These 3 Strategy DLCs Should Have Been in the GOTY Conversation
The debate over game of the year invariably involves big, AAA titles with lots of advertisement hype and Hollywood-like gross revenue numbers.
But what if I told you that my top three games of 2018 are two DLC packs and a free patch?
In choosing DLC for a game of the year vote, I feel like I should lay out some ground rules so that anyone reading this knows how to make expansion content the very best it can be.
For any developers out there, follow these simple rules and you'll have all the Frys on the internet yelling, "Shut up and take my money."
Rule 1: Breathe Fresh Life Into An Old Game
Holy Fury's biggest virtue is that it adds the Shattered and Random Worlds that were always missing from Paradox's various strategy series. When you stir up the starting parameters of the game, you take a series that was constrained by history and turn it into a lively, never-the-same-game-twice experience that almost equates to grand strategy mixed with roguelike.
Likewise, Industries fixed one of Skylines' few weaknesses; in the base game, industrial zones are almost useless once the bulk of your citizens begin working in office buildings because offices produce higher tax rates for lower crime and no pollution.
With Industries, industrial production becomes a game all its own, and the way the systems work together create a meta game that stays fun and useful well into the massive metropolis late-game.
And finally, "LeGuin" so completely revamps the way planets work in Stellaris that every strategy you had from pre-2.2 versions of the game are rendered instantly obsolete.
When a free patch does more to revolutionize gameplay than some games see with an entire suite of paid DLC, that is a massive achievement that feels like a Christmas present from the developers.
Rule 2: Provide Something For Everyone
The second rule of great DLC is to avoid couching content behind a playstyle barrier; in other words, create a DLC that's flexible, not one that alienates players that don't adhere to a specific playstyle.
While most of the main gameplay in Holy Fury is skewed toward pagan rulers, giving them buffs to keep up with every other religion post The Old Gods, all the value here comes back once again to Shattered Worlds.
A lot of the fun in CK2 is in turning very small counties into massive empires. For a lot of players, it's simply not much fun to start as a vassal. You spend the whole early-game waiting for events beyond your control to happen so you can declare independence. But at the same time, if you start as a king, the game's often too easy with what little challenge there is coming in preventing or putting down revolts when you have the resource and army advantage.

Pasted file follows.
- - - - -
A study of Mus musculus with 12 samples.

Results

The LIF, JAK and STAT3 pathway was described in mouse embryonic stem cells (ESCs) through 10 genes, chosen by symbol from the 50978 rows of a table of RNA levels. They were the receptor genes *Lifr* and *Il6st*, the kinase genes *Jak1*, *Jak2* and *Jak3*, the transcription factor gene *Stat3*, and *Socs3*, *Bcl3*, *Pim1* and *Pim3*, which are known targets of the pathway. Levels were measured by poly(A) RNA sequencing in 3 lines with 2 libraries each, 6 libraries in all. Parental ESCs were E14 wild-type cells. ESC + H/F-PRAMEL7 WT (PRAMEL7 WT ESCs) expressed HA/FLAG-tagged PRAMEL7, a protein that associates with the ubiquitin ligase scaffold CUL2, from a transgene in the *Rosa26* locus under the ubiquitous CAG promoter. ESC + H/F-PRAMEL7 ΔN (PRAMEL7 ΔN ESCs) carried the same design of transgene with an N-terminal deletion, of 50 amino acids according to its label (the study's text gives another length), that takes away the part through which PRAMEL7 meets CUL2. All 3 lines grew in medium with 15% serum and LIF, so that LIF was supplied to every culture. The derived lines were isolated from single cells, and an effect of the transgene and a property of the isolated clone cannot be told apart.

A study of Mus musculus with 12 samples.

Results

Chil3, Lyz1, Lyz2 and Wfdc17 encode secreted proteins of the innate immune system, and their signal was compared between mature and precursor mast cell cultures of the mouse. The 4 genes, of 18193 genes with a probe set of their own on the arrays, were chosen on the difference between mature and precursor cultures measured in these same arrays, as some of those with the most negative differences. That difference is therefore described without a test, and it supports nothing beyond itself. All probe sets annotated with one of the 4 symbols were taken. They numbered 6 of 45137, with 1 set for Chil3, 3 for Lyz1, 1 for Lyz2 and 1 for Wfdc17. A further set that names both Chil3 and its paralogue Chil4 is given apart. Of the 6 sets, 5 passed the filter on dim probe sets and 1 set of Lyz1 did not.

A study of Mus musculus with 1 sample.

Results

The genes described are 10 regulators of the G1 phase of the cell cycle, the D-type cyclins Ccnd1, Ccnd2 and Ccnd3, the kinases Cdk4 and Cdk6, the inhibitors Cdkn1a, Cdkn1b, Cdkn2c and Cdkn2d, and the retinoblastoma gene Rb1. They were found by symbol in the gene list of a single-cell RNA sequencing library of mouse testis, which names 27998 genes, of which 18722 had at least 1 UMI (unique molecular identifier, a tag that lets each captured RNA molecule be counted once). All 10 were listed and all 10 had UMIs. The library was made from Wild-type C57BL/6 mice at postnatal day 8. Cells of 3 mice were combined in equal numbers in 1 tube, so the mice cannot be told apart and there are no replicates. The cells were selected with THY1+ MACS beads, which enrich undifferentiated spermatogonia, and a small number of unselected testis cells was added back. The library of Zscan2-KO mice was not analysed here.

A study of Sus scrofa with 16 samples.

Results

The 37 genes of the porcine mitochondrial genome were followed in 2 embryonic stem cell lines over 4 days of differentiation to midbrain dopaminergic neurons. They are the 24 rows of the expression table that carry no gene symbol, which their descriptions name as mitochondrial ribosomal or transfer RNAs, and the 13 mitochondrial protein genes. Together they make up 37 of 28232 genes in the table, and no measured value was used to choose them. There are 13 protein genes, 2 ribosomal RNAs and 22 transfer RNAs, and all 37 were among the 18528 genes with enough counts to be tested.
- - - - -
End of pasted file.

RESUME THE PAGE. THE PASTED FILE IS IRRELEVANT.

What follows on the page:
Even if you disagree with that assessment of vassals and kings, Shattered Worlds still has something for you. The mere fact that you can break up the world any way you like (from a world with naught but one-province minors to one with completely unique kingdoms and empires) means it's never the same world twice.
No matter your playstyle, there's something in the DLC for you.
Industries is the same way in Skylines. You'll get the most out of it when you're building industrial cities, of course. But even if all you use it for quick jobs while you're waiting for offices to unlock, you're still covered.
Put simply, the new system is more fun and makes more sense than the old system in every single situation where industrial zones are involved. Every playstyle uses industries at some point during the game, so every playstyle benefits from a better system.
And LeGuin... well, you're getting those new systems unless you want to rollback to 2.1 and stay there. Every playstyle's using it whether they want to or not. It's a patch.
Rule 3: Don't Gouge. Keep Your Prices Reasonable
Holy Fury costs $20 and delivers a full game's worth of fresh content updates at that price. Industries costs $15 and fundamentally changes the game's economy for the better, changing the whole way you'll play Skylines no matter your playstyle. And the 2.2 patch for Stellaris is free; you don't even have to buy the MegaCorp DLC that it launched alongside.
Roughly half what the base game costs are a fair price for a DLC pack. Value for investment is an important component in evaluating the very best games, after all.
Yes, DLC can be game of the year.
When you breathe life into an aging game, eat up a game writer's entire week to the point where he almost misses deadline getting the guide out because he couldn't drag himself away from the game for three hours to write it, and offer something for everyone?
Nothing else in gaming offered me that in 2018. Holy Fury gets the gold medal, Industries gets the silver, and a free patch for Stellaris gets the bronze.
It's a shame more people didn't consider these for gaming's highest honor.